Six course lutes

We currently offer three different models of six course lute: the Gerle (KHM Vienna, A35), the Hans Frei (KHM Vienna, C34) and an own design which is a small lute with nine ribs based on elements from the lutes of the Bologna makers Frei and Maler.

Six course lutes are available starting at 1750. See the price list for general comments on what features you can expect at the lowest price level for each model of instrument. The decorative schemes described on this page are examples only and are not comprehensive. We have tried to offer examples reflective of both lutes near or at the base price, and lutes that have more costly decorative features.

Background and general information:

Developing from the five course lute some time in the 15th century the the six course lute became ascendant in and flourished almost throughout the entire 16th century. Due to its long and far-reaching period of dominance a vast body of music was written for it. However, despite the popularity they enjoyed in their heyday relatively little information about their construction survives today.

The courses are usually tuned in intervals not dissimilar from the modern guitar, the principal differences being that they are usually double-strung from the second course, the third course is tuned a semitone down and that the most commonly encountered nominal lute pitch is higher at g rather than e. With their octave stringing from the fourth course they have a uniquely magical and ringing character. Prices start from 1750.

1. Lute in G after Georg Gerle c.1550 (KHM Vienna, A35), eleven ribs:

This lute based on the Gerle has a string-length of 60 centimetres. The original Gerle (one of the very few surviving six course lutes) is constructed in the untypical scheme of ivory with contrasting dark lines (we can approach a similar or negative visual treatment now by using light coloured woods in place of the ivory and ebony). Alternatively, a more historically typical scheme can be utilised.

A selection of images of this type of lute can be seen below (click for larger images):

2. Lute in F or F# after Hans Frei c.1540 (KHM Vienna, C34), eleven ribs:

Based on Frei this lute has a minimum potential string length of 63cm. It has a long narrow shape bowl usually without spacers which is typical of the Bologna makers.

3. Own-design in G or F#, nine ribs:

A small lute closely based on the work of the Bologna makers Frei and Maler and with a potential string length of 61 to 64 centimetres depending on pitch.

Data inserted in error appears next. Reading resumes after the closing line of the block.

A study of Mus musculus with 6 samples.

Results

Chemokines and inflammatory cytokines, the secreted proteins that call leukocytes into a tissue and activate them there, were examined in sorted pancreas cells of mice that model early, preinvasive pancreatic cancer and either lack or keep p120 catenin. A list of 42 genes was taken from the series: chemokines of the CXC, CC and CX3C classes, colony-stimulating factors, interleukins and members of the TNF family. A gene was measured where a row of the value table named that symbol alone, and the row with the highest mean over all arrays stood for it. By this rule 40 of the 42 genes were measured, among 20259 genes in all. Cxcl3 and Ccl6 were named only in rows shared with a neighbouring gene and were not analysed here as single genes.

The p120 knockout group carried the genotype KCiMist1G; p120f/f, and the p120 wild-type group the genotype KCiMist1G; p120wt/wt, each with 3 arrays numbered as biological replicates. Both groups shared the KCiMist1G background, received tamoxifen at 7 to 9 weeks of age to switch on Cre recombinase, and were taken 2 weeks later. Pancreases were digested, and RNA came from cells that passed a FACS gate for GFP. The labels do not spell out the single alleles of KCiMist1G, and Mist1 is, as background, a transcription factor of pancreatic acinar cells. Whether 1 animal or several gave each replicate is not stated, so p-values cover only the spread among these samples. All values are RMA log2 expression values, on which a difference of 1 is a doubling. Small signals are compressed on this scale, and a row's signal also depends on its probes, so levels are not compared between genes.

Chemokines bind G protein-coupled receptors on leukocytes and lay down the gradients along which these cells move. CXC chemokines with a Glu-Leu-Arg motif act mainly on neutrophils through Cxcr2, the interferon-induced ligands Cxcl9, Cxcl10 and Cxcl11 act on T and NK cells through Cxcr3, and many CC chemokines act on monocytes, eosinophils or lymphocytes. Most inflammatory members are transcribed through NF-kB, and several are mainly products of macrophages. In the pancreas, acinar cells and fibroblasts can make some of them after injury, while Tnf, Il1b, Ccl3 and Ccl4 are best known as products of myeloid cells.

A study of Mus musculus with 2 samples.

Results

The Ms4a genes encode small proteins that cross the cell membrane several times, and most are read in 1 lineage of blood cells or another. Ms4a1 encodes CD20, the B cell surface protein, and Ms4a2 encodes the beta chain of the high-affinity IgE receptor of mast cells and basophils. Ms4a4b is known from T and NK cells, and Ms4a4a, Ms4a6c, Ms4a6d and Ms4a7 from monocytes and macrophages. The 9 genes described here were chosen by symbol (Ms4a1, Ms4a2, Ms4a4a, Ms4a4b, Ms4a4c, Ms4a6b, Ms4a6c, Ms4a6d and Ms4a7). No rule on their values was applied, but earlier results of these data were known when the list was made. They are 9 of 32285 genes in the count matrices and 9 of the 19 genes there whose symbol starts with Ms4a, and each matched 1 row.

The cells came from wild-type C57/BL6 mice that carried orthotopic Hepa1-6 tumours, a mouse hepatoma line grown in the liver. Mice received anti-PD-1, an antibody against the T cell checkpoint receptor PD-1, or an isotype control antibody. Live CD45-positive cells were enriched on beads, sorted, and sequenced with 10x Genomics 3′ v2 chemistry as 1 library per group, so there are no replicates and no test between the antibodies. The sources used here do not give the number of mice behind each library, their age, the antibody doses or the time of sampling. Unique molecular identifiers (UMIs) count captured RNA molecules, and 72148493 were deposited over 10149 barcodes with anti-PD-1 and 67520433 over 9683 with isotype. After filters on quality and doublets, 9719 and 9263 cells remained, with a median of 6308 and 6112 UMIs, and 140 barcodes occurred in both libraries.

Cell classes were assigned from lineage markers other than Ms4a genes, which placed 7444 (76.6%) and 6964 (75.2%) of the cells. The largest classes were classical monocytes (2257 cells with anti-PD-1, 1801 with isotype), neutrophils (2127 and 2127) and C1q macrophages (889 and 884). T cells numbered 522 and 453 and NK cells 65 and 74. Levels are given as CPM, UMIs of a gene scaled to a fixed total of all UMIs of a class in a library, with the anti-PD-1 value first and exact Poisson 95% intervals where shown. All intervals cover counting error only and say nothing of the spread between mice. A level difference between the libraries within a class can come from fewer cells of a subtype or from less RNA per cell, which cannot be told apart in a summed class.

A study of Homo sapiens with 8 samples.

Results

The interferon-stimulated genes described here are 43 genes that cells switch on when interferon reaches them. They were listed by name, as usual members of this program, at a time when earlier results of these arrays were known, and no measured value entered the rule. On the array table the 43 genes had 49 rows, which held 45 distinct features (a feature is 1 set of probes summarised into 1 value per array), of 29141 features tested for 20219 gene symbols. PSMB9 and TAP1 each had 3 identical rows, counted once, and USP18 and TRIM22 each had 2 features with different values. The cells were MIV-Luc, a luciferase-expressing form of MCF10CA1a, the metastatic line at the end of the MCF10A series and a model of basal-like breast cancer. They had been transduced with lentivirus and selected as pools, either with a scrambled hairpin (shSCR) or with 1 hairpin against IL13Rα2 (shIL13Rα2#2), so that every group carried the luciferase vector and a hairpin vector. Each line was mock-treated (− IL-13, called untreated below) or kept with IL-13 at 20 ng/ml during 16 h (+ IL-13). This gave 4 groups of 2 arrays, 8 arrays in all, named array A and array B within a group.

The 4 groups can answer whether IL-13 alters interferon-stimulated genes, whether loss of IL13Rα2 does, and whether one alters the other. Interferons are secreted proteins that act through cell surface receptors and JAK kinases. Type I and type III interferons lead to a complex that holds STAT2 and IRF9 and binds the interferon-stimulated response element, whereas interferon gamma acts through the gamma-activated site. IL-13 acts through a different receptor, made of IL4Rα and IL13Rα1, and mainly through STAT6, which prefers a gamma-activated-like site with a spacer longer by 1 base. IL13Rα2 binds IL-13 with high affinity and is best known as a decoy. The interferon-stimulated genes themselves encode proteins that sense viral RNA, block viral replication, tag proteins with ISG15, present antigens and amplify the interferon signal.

The construction and aesthetic treatment of six course lutes

Barring schemes vary but generally it's believed that six course lutes have a slightly thicker soundboard with fewer bars than in later periods. Necks on six course lutes are also somewhat deeper in section. We always use fine grade Alpine spruce no matter the cost of the instrument.

On one of our low price six course lutes you could expect a solid wood (e.g. walnut, pear, cherry etc.) neck and peg-box, carved bridge with flower ends, pegs with carved hearts, fully carved soundboard rose, oil varnished bowl (e.g. in sycamore, pear etc.). Contact us for more information.

Figured sycamore ribs.

A visual scheme typical of the early sixteenth century would seem to have been a body without spacers and a plain light coloured fingerboard. The back of the neck and peg-box may or may not have decorative lines in ebony (blackened maple being an alternative to ebony) or plain maple. For this sort of lute back we would usually use a light and figured wood such as sycamore, maple or ash. For a slightly darker appearance a fruit-wood such as pear could be used.

Historically the whole lute would then be given a colour varnish. If this scheme is chosen we prefer to continue the fingerboard varnish onto the soundboard to some degree but it can end at the body-neck joint. This extending of the varnish onto the soundboard is a very common feature seen in early sixteenth century iconography. Alternatively, the varnish can be applied only to the bowl and the neck and peg-box be oiled instead. This treatment tends to look better however if the neck and peg-box are a contrasting wood to the bowl.

Own-design rose after that
in Lorenzo Costa's The Concert.
Boxwood veneered peg-box and neck
with ebony lines and heart shaped pegs.

Normally we would turn and fit pegs made of boxwood or plum. As standard the peg-heads on our six course lutes are carved hearts, but there are many other stylistically appropriate alternatives some of which are more difficult to execute.

A great many rose designs were in use in this period. If required a rose can be gilded as seen in iconography. Sometimes parchment roses appear on six course lutes and these are also offered.